MANILA, Philippines , Jul 25 (AP) — Philippine President Ferdinand Marcos Jr. will deliver his first State of the Nation address Monday with momentum from his landslide election victory, but he’s hamstrung by history as an ousted dictator’s son and daunting economic headwinds.
More than 20,000 policemen, anti-riot contingents and troops were deployed in Metropolitan Manila, where a gun ban has been imposed, to secure the late-afternoon ceremony before a joint session of Congress at the House of Representatives.
About 5,000 flag-waving protesters were allowed to march until noon along a key road away from Congress. They issued a range of demands, from government aid and fuel subsidy amid soaring cost of living to justice for human rights victims under Marcos Jr.’s father, a late dictator who was ousted in a 1986 pro-democracy “People Power” uprising.
They asked Marcos Jr. to outline a clear roadmap out of the economic hardships wrought by two years of coronavirus pandemic lockdowns and the global fallout from Russia’s invasion of Ukraine.
“Marcos Jr. must realize that he is not in the middle of an electoral campaign anymore, where he could get away with refusing to attend debates and lean on empty soundbites and shallow slogans,” the left-wing Akbayan group said. “The people demand clarity of vision and purposiveness of action.”
Executive Secretary Vic Rodriguez said last week that Marcos Jr. would unveil his strategy for economic recovery amid continuing coronavirus threats and dealing with rising inflation.
The president would lay down plans to brace the country for a looming food crisis — which prompted him to decide to temporarily serve as agriculture secretary — and the safe resumption of in-person school classes starting next month, Rodriguez said.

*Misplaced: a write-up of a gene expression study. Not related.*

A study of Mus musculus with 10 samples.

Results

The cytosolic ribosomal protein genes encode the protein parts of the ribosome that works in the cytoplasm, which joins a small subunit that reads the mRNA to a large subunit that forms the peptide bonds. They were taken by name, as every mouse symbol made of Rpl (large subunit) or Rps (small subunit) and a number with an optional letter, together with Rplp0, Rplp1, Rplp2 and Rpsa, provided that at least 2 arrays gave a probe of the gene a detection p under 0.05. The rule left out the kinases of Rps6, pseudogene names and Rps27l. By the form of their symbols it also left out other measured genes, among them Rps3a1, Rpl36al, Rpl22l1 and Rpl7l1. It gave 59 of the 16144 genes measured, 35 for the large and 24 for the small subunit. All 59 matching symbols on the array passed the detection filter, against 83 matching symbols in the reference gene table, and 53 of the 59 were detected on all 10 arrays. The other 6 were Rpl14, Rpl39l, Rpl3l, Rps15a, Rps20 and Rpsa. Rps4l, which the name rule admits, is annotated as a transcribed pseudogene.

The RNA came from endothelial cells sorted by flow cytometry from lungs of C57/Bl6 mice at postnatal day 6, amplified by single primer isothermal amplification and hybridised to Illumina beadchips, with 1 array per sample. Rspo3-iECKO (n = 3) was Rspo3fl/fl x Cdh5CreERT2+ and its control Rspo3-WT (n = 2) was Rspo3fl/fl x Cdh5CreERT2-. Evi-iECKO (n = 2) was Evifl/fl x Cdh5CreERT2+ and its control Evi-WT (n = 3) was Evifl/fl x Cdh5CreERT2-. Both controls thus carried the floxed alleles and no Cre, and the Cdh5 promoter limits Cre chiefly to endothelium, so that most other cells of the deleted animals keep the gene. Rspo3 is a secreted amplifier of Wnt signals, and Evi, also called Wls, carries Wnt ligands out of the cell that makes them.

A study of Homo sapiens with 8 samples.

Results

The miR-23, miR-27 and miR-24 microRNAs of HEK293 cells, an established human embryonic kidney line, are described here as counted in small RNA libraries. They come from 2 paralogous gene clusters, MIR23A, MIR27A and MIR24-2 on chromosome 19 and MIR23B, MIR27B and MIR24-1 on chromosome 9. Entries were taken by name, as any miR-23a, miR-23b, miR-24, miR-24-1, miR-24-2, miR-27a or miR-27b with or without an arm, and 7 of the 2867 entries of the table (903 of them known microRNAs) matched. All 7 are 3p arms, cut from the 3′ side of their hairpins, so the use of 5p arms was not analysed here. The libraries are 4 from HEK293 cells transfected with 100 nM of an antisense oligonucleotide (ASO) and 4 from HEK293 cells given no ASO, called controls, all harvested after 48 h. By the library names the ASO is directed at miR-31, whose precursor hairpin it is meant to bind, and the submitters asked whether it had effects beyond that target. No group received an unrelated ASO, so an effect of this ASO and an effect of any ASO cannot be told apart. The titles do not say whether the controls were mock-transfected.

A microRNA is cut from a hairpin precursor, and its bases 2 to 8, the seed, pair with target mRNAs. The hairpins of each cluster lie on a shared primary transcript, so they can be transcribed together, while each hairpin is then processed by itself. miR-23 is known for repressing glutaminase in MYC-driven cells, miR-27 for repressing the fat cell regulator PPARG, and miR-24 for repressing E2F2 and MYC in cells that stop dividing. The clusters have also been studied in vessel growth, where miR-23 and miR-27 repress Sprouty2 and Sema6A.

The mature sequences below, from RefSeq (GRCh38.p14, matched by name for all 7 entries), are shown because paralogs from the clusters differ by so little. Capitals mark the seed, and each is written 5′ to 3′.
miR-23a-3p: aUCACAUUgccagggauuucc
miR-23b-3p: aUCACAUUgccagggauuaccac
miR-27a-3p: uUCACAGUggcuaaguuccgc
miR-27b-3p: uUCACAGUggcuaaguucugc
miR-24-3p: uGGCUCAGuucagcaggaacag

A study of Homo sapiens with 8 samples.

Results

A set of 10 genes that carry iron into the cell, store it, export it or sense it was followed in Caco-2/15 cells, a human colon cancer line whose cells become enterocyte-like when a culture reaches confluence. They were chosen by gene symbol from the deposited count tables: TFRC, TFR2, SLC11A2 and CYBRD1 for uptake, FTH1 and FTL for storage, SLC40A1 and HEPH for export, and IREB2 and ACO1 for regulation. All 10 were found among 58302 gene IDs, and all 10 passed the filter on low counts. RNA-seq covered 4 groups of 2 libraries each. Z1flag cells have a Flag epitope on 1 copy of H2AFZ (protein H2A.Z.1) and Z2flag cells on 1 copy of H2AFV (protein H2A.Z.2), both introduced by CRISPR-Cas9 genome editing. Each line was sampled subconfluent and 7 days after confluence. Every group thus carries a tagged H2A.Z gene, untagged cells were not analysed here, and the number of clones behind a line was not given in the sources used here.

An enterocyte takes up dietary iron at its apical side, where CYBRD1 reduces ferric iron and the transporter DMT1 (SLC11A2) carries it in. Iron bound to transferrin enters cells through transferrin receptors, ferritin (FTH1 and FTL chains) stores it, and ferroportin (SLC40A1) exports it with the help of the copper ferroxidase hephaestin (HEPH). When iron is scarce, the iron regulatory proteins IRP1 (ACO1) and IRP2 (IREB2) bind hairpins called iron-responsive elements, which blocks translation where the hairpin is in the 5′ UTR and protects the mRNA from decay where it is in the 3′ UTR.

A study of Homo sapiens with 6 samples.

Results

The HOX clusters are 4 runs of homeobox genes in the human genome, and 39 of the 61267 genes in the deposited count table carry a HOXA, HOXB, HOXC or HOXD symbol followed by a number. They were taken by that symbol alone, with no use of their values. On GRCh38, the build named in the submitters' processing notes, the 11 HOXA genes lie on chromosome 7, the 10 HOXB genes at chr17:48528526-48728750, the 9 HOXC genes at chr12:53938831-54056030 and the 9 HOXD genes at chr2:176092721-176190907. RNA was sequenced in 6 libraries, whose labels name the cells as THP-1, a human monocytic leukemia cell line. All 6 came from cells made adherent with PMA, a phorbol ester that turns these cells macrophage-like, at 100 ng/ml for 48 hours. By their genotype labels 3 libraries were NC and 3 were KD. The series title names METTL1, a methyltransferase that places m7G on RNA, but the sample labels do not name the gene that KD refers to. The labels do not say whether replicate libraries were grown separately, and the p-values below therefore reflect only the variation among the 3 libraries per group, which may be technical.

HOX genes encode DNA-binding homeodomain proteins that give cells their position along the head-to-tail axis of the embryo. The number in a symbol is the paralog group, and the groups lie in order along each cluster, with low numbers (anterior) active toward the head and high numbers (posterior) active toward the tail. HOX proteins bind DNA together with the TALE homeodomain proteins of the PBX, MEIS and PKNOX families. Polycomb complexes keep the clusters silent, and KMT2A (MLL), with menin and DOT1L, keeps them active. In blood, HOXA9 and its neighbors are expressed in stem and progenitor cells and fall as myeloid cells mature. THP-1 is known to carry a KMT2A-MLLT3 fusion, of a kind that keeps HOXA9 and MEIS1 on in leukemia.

Marcos Jr. received more than 31 million votes of the more than 55 million votes cast in the May 9 election — a stunning political comeback and a massive victory that will provide him political capital as he faces tremendous challenges as well as doubts arising from his father’s reputation. It was the first majority presidential victory in the Philippines in decades.
His allies also strongly dominated both chambers of Congress in the elections, with his cousin, Rep. Martin Romualdez, being elected House speaker and another close ally, Juan Miguel Zubiri, as Senate president on Monday.
With the tremendous domestic issues that he faces coupled with the historical baggage that is hounding him, Marcos Jr. is one of the most challenged leaders in the country’s recent history. His huge electoral mandate could be eroded if people don’t feel any significant relief from their hardships under his rule, University of the Philippines professor Jean Franco said.
“I’m not so sure how long the rest of the 31 million will latch on to Marcos Jr., especially if the economic crisis continues,” Franco said, adding the new president did not have the tough and populist image that kept the ratings of his predecessor, Rodrigo Duterte, high.
Marcos Jr.’s father was toppled by a largely peaceful “People Power” revolt in 1986 and died in 1989 while in exile in Hawaii without admitting any wrongdoing, including accusations that he, his family and associates amassed an estimated $5 billion to $10 billion while in office.
A Hawaii court later found the elder Marcos liable for human rights violations and awarded $2 billion to more than 9,000 Filipinos who filed a lawsuit against him for torture, incarceration, extrajudicial killings and disappearances.
But Marcos Jr., a former governor, congressman and senator, has refused to acknowledge the massive human rights abuses and corruption that marked his father’s strongman rule.
The Philippines has been among the countries worst-hit in Asia by the two-year pandemic after more than 60,000 deaths and extended lockdowns sent the economy to its worst recession in 2020 since World War II and worsened poverty, unemployment, hunger and the country’s indebtedness.
As the pandemic was easing early this year, Russia’s invasion of Ukraine sent global inflation soaring and sparked fears of food and oil shortages.